Glossary of medical terms

You may hear these common medical terms and phrases when talking with your healthcare team about HER2+ breast cancer


Adjuvant treatment

Treatment given after surgery.

Advanced breast cancer

The cancer may have spread from where it first started to nearby tissue, lymph nodes, or distant parts of the body.


Cancer cell

A cell that divides and reproduces abnormally with uncontrolled growth. This cell can break away, travel to other parts of the body, and then set up at another site. This process is referred to as metastasis.


A type of medication that kills cells that grow and divide rapidly, including cancer cells and normal cells.


Early breast cancer

When the cancer is located in only the breast or is in the breast and has only spread to nearby lymph nodes, but not to other parts of the body.


First-line treatment for cancer that has spread to other parts of the body

A treatment that is given first or as an initial treatment for cancer that is advanced or metastatic.


HER2-positive (HER2+)

HER2 stands for human epidermal growth factor receptor 2. When breast cancer cells have too many HER2 receptors, they are called HER2- positive, or HER2+ breast cancer.

HER2 receptor

A type of protein that is found on the surface of cells in everyone. This protein tells cells to grow and divide. Too much HER2 is called “HER2 overexpression” and may result in the cells growing and dividing more quickly.

Hormonal treatment

Helps fight tumors that thrive on hormones such as estrogen or progesterone by acting on hormone receptors on tumor cells or by decreasing the amount of hormones available to bind these receptors.

Hormone receptor

A protein on the edge or inside of cells to which hormones attach.


Immune system

Your body’s natural defense against infections and disease.

Intravenous infusion

Also known as an IV infusion, this is a way of delivering medication slowly into the bloodstream through a vein or port. Some medicines, such as KADCYLA, can only be given by IV infusion.


Locally advanced

Locally advanced breast cancer has not spread to distant parts of the body, but is large enough to affect breast skin and underlying chest structures. It can cause changes to breast shape and lymph node enlargement that is visible or can be felt in a breast exam.

Lymph nodes

Small, bean-shaped organs found throughout the body that store white blood cells and help remove cell waste, germs, and other harmful substances from the body.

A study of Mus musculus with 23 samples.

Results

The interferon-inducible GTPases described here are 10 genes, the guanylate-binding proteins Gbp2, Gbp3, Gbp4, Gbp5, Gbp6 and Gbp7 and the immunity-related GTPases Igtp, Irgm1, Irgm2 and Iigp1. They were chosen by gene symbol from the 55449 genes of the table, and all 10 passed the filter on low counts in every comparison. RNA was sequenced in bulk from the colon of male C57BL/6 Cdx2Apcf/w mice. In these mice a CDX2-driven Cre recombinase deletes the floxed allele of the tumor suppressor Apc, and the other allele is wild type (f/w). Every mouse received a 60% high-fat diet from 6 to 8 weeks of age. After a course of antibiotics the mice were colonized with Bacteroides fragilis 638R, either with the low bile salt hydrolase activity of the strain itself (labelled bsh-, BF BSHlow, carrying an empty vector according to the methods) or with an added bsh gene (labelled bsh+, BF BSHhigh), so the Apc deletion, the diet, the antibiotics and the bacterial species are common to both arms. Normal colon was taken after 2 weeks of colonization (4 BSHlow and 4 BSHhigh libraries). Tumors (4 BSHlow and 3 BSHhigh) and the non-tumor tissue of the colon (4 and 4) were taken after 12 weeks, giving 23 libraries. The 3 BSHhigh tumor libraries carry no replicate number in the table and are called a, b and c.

When a cancer has metastasized, that means it has spread to other parts of the body.

Metastatic breast cancer

Breast cancer that has spread outside the breast to other parts of the body, such as the lungs, liver, or bones.

Monoclonal antibody

A type of protein made in the laboratory that binds to substances in the body such as a specific type of cancer cell, but may also affect some healthy cells. Monoclonal antibodies used to treat cancer can be used alone or to carry drugs or other substances directly to cancer cells.


Neoadjuvant treatment

Treatment given before surgery.


Pathology report

A report that details the results of a tissue exam conducted to determine the presence of disease. The pathology report can help healthcare teams determine how advanced the cancer is, how aggressive it is, and other unique characteristics that will help in making better treatment decisions.


An implanted device through which blood can be taken and medication can be given without repeated needle sticks; also called a “port-a-cath.”


Radiation treatment

Radiation treatment uses high-energy rays to kill cells and/or shrink tumors.

Residual disease

When cancer cells are present in surgically removed tissue, even after neoadjuvant treatment.


Second-line treatment

Treatment given when first-line treatment doesn’t work or stops working.


A type of cancer treatment that involves removing tumors and/or lymph nodes from the body. This can include a mastectomy (the removal of the entire breast) or lumpectomy (the removal of the tumor, as well as some surrounding normal tissue) for breast cancer.

Systemic disease

A disease that affects the whole body.


Targeted cancer treatment

A type of medication that targets specific characteristics of cancer cells and may also affect normal cells.


A type of chemotherapy drug (eg, paclitaxel, docetaxel) that stops the growth of cells and makes it difficult for cells to repair damage.


An abnormal mass or growth of tissue that occurs when cells divide too rapidly, in an uncontrolled way. Tumors that are malignant are known as cancer.